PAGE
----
This Train is coming to Shrewsbury

Austin Britt/Special to The Chatham Voice
Memphis’ Victor Wainwright and The Train will headline Shrewsbury Ribs & Blues Festival Saturday.

Bluesman Victor Wainwright can’t wait to come to Chatham-Kent again, this time to play outdoors as the headliner for the Shrewsbury Ribs & Blues Festival.

Wainwright, who performed in late March at the Kent-Belgian-Dutch-Canadian Club at the invitation of the Canada South Blues Society, brings his band The Train with him again.

“That was a wonderful time,” he told The Chatham Voice of his last visit. “Those people treated us super well. We loved the enthusiasm of the crowd. We’re looking forward to getting that again.”

Wainwright is a Grammy nominated performer who grew up in Savannah, GA watching his grandfather perform, and ultimately followed in his footsteps.

“He covered a lot of Jerry Lee Lewis and Little Richard. All that stuff was considered roots music,” he said.

For Wainwright, those roots go deep and are the foundation for so much more.

“I’ve equated the blues to a church. It wouldn’t be the walls or the steeple or the bells that make a church. It’s the people inside that make it a church,” he said. “For the blues, it’s not any particular note or an experience; it’s what’s inside; what you are trying to say with your emotions. That’s where it’s coming from.”

His heavy influences naturally gravitate to his family members, but extend beyond as well.

He cites BB King and other “guitar heroes” as influences as well, but admits the “iconic piano players” held his attention the most.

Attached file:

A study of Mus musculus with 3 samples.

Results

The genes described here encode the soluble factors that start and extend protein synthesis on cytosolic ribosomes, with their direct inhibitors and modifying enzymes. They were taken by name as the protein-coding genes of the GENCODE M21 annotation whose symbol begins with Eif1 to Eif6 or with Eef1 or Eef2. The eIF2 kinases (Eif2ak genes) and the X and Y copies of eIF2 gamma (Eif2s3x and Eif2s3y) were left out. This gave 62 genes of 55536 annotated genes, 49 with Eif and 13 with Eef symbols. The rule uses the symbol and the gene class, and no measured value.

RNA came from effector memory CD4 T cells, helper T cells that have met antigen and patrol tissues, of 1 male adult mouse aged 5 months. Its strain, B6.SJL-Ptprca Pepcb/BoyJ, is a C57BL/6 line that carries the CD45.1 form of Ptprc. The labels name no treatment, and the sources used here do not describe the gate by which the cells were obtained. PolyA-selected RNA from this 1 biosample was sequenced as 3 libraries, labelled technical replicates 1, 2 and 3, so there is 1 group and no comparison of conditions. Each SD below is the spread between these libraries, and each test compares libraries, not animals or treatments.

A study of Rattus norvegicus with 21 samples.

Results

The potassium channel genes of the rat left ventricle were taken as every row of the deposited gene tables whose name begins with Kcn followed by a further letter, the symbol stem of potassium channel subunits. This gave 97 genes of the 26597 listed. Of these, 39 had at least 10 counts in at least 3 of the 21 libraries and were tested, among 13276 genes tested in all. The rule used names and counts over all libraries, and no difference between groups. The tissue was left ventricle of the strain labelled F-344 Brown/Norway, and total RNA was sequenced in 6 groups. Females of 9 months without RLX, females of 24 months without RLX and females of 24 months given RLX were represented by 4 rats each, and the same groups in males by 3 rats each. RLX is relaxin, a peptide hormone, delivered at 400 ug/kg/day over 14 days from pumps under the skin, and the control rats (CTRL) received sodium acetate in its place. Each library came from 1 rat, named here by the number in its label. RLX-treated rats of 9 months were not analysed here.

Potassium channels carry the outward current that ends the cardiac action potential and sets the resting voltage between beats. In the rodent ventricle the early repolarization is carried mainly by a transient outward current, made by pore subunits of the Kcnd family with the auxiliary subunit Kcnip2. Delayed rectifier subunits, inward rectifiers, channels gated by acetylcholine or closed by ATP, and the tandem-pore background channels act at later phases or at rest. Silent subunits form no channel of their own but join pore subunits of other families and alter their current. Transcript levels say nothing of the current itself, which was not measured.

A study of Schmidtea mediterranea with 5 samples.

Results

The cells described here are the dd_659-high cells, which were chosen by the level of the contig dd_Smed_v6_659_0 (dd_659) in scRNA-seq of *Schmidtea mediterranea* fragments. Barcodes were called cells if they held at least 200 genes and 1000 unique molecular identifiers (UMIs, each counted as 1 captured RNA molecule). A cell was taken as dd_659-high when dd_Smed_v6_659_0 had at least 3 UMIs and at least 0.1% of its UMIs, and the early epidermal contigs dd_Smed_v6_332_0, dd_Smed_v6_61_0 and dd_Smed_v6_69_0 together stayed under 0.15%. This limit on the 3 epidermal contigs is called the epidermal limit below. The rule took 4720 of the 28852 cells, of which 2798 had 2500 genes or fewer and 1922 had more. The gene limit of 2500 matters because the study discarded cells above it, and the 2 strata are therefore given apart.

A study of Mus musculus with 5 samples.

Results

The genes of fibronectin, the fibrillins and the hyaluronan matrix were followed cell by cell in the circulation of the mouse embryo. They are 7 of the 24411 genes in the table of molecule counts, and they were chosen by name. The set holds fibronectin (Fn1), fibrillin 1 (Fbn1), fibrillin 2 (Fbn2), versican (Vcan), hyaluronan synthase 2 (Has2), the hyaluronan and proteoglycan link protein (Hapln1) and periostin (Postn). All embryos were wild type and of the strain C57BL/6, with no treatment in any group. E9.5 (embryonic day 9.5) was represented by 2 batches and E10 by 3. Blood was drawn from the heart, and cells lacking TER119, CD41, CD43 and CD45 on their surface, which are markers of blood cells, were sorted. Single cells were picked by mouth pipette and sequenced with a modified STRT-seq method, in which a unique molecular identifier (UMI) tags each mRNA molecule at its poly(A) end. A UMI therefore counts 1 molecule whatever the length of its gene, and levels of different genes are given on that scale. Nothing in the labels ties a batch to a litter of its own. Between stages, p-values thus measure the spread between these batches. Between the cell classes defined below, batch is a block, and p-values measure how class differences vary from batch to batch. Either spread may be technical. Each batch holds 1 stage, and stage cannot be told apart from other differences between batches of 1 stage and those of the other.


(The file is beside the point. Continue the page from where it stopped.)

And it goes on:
From there, he expanded his scope.

“Through the discovery and the grace of the Internet, I was able to look up people such as Pine Top Perkins and others to see what influenced those people,” he said.

Wainwright said he sets his tour dates and locations to the seasons. He now calls Memphis, TN home, and enjoys being a little further north at this time of the year.

“I’m from Memphis. It’s about 100-plus degrees right now,” he said. “That’s why we like to tour further north in the summer.”

On Saturday, Wainwright said The Train will perform as a five-piece, adding a sax to the fun.

“We’re going to be performing a lot of songs off our Grammy-nominated record, the self-titled ‘Victor Wainwright and The Train.’ We’re touring heavy with those songs,” he said. “But there will also be a few crowd favourites. We stretch around.”

Expect to hear classics from the likes of Jerry Lee Lewis and Cab Calloway, among others.

“It’s usually a whole lot of fun. We include humour in our show,” he said. “I hope the crowd gets up and gets dancing right up to the front of the stage.
Wainright said the summer brings with it family time, and a chance for musicians such as himself to perform to a more diverse age group.

“One of the things I love about outdoor festivals is we get the opportunity to see whole families. We don’t get that in bars or other venues,” he said. “We get the chance to see children getting interested in music. It’s awesome.”